A California startup promising to build an electric long-distance cargo drone announced yesterday that it has raised 140 percent of its initial angel funding goal. Sabrewing Aircraft Company CEO Ed De Reyes said the company had raised just shy of US$1 million from The Drone Fund, Integro LTD and two other investors.
The funds will be used to construct a large-scale, long-endurance, high-cargo-capacity unmanned aerial vehicle (UAV) that its manufacturer says will be able to compete with small cargo aircraft such as the Cessna 208, in terms of cost, range, and payload.
While cargo drones are on the cusp of going mainstream, with big players like Boeing getting into the game, the model presented by Sabrewing Aircraft Co. could be the first electric cargo drone with the sort of range normally reserved for large fixed-wing aircraft. The UAV, dubbed “The Draco-2” will eventually carry up to two tons, for a maximum distance of 5,000 miles – for up to 50 hours – at altitudes reaching 22,000 feet.
Images from Sabrewing’s website show drones with solar panels, suggesting that the aircraft’s exceptionally long flight time could be partially fueled by solar energy.
“Work on a heavy-lift, long-distance UAV has been progressing over several years, we have designed and built several UAVs since 2002,” said De Reyes. “Our team has been working together on a UAV specifically to fill the need for a UAV that can carry cargo in the range from 2,000 to 4,000 pounds.”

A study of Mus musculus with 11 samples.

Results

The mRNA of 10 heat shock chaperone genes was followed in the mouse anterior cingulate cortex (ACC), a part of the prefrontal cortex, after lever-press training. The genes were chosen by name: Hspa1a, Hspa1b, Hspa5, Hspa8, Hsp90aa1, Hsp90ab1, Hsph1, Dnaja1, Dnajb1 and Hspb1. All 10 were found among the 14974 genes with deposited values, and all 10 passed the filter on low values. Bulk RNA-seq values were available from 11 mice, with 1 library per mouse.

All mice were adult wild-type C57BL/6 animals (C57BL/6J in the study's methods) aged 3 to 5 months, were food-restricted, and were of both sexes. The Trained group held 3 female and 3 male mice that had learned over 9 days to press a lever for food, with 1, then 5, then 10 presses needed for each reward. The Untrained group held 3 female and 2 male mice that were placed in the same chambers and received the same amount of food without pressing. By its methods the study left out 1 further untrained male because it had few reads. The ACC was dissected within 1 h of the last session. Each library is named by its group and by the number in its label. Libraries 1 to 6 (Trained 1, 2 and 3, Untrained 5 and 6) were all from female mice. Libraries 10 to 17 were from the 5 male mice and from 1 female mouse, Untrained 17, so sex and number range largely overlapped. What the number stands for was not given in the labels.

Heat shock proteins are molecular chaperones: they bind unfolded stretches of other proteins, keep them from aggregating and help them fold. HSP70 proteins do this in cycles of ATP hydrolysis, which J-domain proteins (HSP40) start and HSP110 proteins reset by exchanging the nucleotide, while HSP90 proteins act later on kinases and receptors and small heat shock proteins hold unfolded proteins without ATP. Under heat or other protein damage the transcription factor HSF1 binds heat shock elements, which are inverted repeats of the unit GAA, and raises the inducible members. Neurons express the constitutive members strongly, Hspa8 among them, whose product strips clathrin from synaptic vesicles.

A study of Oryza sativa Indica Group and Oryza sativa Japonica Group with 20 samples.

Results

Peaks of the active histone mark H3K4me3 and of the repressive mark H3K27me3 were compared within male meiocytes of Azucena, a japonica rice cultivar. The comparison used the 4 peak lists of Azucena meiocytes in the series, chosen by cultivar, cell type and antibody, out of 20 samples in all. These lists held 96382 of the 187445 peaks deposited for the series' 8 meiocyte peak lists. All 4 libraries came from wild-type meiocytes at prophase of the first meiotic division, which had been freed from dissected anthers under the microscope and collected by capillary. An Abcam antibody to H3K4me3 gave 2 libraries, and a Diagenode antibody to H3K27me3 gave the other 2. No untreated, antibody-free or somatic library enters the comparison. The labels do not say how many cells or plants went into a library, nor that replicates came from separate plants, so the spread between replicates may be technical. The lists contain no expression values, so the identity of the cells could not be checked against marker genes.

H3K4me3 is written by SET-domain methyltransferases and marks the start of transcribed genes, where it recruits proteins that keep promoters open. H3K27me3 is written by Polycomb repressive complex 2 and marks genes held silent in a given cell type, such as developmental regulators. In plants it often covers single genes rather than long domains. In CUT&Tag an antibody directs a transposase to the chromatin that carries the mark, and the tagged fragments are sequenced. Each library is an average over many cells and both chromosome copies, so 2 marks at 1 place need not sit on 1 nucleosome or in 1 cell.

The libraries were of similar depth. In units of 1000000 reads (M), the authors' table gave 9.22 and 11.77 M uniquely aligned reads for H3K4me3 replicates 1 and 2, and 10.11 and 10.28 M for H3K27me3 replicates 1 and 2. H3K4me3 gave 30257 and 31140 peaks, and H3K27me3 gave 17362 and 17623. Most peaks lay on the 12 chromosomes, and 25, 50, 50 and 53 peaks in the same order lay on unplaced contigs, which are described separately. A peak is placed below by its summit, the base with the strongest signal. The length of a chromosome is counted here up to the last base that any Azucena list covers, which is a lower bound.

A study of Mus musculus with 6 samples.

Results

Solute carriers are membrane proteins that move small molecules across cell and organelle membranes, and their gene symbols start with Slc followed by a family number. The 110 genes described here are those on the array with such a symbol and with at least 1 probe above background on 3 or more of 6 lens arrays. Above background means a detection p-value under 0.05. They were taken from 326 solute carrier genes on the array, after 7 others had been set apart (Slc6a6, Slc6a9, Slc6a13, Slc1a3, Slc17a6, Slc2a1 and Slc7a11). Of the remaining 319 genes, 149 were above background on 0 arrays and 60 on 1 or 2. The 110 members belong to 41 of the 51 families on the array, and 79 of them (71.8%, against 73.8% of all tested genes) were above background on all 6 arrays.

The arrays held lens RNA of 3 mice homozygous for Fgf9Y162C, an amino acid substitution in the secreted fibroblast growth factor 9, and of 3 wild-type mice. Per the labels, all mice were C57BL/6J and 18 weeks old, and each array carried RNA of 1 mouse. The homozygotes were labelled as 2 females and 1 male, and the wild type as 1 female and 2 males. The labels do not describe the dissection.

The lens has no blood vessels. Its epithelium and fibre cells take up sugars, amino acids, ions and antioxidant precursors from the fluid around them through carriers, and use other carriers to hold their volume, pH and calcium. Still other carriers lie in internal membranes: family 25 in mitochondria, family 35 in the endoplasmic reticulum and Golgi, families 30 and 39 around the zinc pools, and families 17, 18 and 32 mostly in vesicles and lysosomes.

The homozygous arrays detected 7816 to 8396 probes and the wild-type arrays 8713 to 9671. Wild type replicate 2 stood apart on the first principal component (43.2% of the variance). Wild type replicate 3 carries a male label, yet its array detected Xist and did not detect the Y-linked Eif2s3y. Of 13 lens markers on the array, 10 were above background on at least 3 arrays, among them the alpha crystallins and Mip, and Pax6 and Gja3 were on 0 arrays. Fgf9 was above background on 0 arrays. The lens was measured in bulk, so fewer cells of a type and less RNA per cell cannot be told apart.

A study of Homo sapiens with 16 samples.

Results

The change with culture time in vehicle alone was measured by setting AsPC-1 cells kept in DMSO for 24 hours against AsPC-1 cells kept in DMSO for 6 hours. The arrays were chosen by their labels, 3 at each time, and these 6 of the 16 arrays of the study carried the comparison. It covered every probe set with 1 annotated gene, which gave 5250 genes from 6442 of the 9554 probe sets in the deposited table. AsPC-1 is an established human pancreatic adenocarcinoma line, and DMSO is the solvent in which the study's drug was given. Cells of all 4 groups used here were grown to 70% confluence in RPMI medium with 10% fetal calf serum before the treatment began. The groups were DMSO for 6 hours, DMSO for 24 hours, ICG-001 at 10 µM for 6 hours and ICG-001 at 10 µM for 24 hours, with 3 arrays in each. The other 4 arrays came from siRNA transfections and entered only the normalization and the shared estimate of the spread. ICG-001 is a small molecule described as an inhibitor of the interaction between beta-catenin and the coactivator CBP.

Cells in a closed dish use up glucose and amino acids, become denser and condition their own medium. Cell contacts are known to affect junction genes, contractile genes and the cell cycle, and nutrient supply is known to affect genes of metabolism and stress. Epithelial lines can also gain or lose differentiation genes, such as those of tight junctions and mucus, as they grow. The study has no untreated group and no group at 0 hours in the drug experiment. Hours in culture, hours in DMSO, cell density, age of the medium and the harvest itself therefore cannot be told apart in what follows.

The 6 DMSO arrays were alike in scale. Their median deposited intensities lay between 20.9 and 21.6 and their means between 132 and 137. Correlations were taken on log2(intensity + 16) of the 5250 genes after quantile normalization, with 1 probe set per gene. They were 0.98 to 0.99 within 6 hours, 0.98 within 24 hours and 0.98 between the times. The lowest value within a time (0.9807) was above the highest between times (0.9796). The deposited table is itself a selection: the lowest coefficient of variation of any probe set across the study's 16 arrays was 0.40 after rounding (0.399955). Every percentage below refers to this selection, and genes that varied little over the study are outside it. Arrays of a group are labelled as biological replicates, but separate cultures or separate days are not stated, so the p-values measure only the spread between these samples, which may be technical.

Specs like that already set it apart from its hydrocarbon-fueled competition in that range and capacity, but it’s the drone’s electric propulsion system could address both cost and environmental concerns that have plagued the airfreight industry for decades.
Sabrewing’s full-scale UAV will be about the size of the Cessna 208 Caravan, a cargo-carrying staple on feeder routes for FedEx and regional cargo carriers, with similar acquisition costs and operational speed. Sabrewing’s UAV is primarily meant to serve both military and civilian cargo operations, and is “priced well below the Caravan’s operating and maintenance costs, while still providing greater range and payload.
“We’re building a drone that can fill the role of a mid-altitude, long-endurance cargo UAV,”
De Reyes continued. “Our team has previously built a large-scale, manned air vehicle about the size of our demonstrator; now we’re taking the data and experience that we’ve gathered and building a UAV that can incorporate autonomy, economy, endurance and reliability.”